Urban solutions to Africa’s problems

3rd November 2017

Urban solutions to Africa’s problems

The South African Institute of International Affairs Carmel Rawhani argues that African countries should emulate their Nordic coutnerparts, which have begun tackling societal problems at city level.

The United Nations’ (UN’s) slogan for World Cities Day, which falls on October 31 each year, is ‘Better cities, better life’. This year’s theme, ‘innovative governance, open cities’, referenced the idea that urbanisation has immense potential to improve people’s lives. Given the UN’s focus on using the Sustainable Development Goals (SDGs) to advance global development by 2030, why is World Cities Day important? And what does it mean for Africa’s cities?

According to the UN, more than 50% of the world’s population lives in cities, most of which will grow at an increasing rate. In Nigeria, Lagos’s population will double by 2050, becoming the world’s third-largest city. The number of mega- cities (with a minimum population of ten-million inhabitants) will increase to at least 41 by 2030. In 15 short years, many challenges facing humanity, as well as the opportunities for addressing them, will necessarily be couched within the urban setting.

Tackling societal problems at the level of the city has already begun in the Nordic countries, known for their developmentally advanced cities, such as Stockholm, in Sweden, and Copenhagen, in Denmark. Thanks to their decentralised systems of governance, municipal leaders are able to engage multiple stakeholders in bettering the quality of life for all. City officials’ extensive political and fiscal liberties have enabled Stockholm, for example, to introduce taxes aimed at reducing road congestion, decreasing pollution and enabling transport infra- structure upgrades using the tax revenue generated. Through policies like these, Sweden could well be one of the first countries to achieve the SDGs, and other countries are learning from its cities.

A public-school feeding scheme in the Swedish city of Södertälje caught the attention of the international relations department in the Spanish city of Mollet de Valles. City authorities adapted the scheme to their Mediterranean milieu by accounting for differences in food preferences and styles of school canteen management. Faced with shrinking budgets and increasing needs, Mollet de Valles found an ideal solution in Södertälje’s multistakeholder partnership, linking farmers, teachers, civil servants and cooks to provide more services without incurring increasing costs. The learning has become bidirectional, as Södertälje was inspired by the amendments introduced by Mollet de Valles, applying them to its own policies. This is one example of how planning and knowledge sharing at city level can improve lives.

The obstacles to development that innovative Nordic cities seek to address are summarised by Nordic working group Nordregio. They include continuous urbanisation, dense cities that must serve multiple functions, significant socioeconomic inequality, and diversified lifestyles and mobility patterns.

These problems are not unique to the region – they reflect the global social reality. A 2017 World Bank report describes Africa as having “crowded, disconnected and costly cities . . . [that] inspire low expectations”. The problems facing cities are the same problems facing society on a global scale. According to the Open Knowledge Foundation, one of the best ways to engage individuals in tackling these issues is localising them, rendering them more relevant. Cities encapsulate this very opportunity.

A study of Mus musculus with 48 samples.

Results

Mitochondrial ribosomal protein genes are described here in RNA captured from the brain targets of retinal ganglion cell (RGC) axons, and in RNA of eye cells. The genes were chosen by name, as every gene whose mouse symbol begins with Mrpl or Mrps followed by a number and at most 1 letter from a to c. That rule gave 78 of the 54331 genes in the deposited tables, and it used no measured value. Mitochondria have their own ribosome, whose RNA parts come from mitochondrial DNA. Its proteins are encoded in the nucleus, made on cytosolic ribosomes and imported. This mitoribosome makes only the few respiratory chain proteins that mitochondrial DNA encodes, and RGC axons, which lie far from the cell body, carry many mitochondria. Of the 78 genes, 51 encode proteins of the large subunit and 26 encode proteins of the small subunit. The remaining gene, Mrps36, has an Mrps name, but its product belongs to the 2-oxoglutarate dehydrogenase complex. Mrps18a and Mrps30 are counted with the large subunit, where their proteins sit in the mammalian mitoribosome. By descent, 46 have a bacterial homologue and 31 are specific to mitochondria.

Where decentralisation and empowered city municipalities coincide, individual and State accountability, as well as the ability to implement policy, are enhanced, making city government an important nexus for change and learning. Former New York City mayor Michael Bloomberg highlighted this when he said: “Nations talk, cities act.” This process is already under way. Cities like Davao, in the Philippines, and Kep, in Cambodia, are moving to implement the SDGs without waiting for their governments. Davao has mapped out local initiatives currently working towards the SDGs, creating local indicators, and Kep officials cooperate with businesses and civil society to cut down on waste production. Small cities such as Woodstock, in Canada, are establishing themselves as leaders in renewable energy, aiming to rely on it entirely for electricity, transport and heating. The City of Cape Town, in South Africa, seeks to end apartheid’s legacy of spatial injustice by working to bring affordable housing to the previously exclusionary city centre.

By discussing challenges to, and opportunities for, development at city level, participation can be enhanced, as can political buy-in, because of the increased potential for leadership recognition by a citizenry intimately aware of the goals its governments must meet. For Africa, improving people’s lives at city level will mean the creation of urban policies that build on the current successes in the Nordic countries and elsewhere, but adapted to the additional obstacles faced by the continent, including higher rates of poverty, inequality, corruption, violence and instability.

According to South Africa’s African Centre for Cities, urban plans on the continent must be pragmatic, scalable, responsive and inclusive.

World Cities Day is important because it highlights an invaluable vehicle for achieving the SDGs – the city. This day highlights implementable solutions that, with purposeful modification, hold great promise for Africa. Good city governance can catalyse broad-based sustainable development. The opportunity to realise the potential of cities must be acknowledged, not just for 24 hours, but throughout the year as the continent works to realise the SDGs.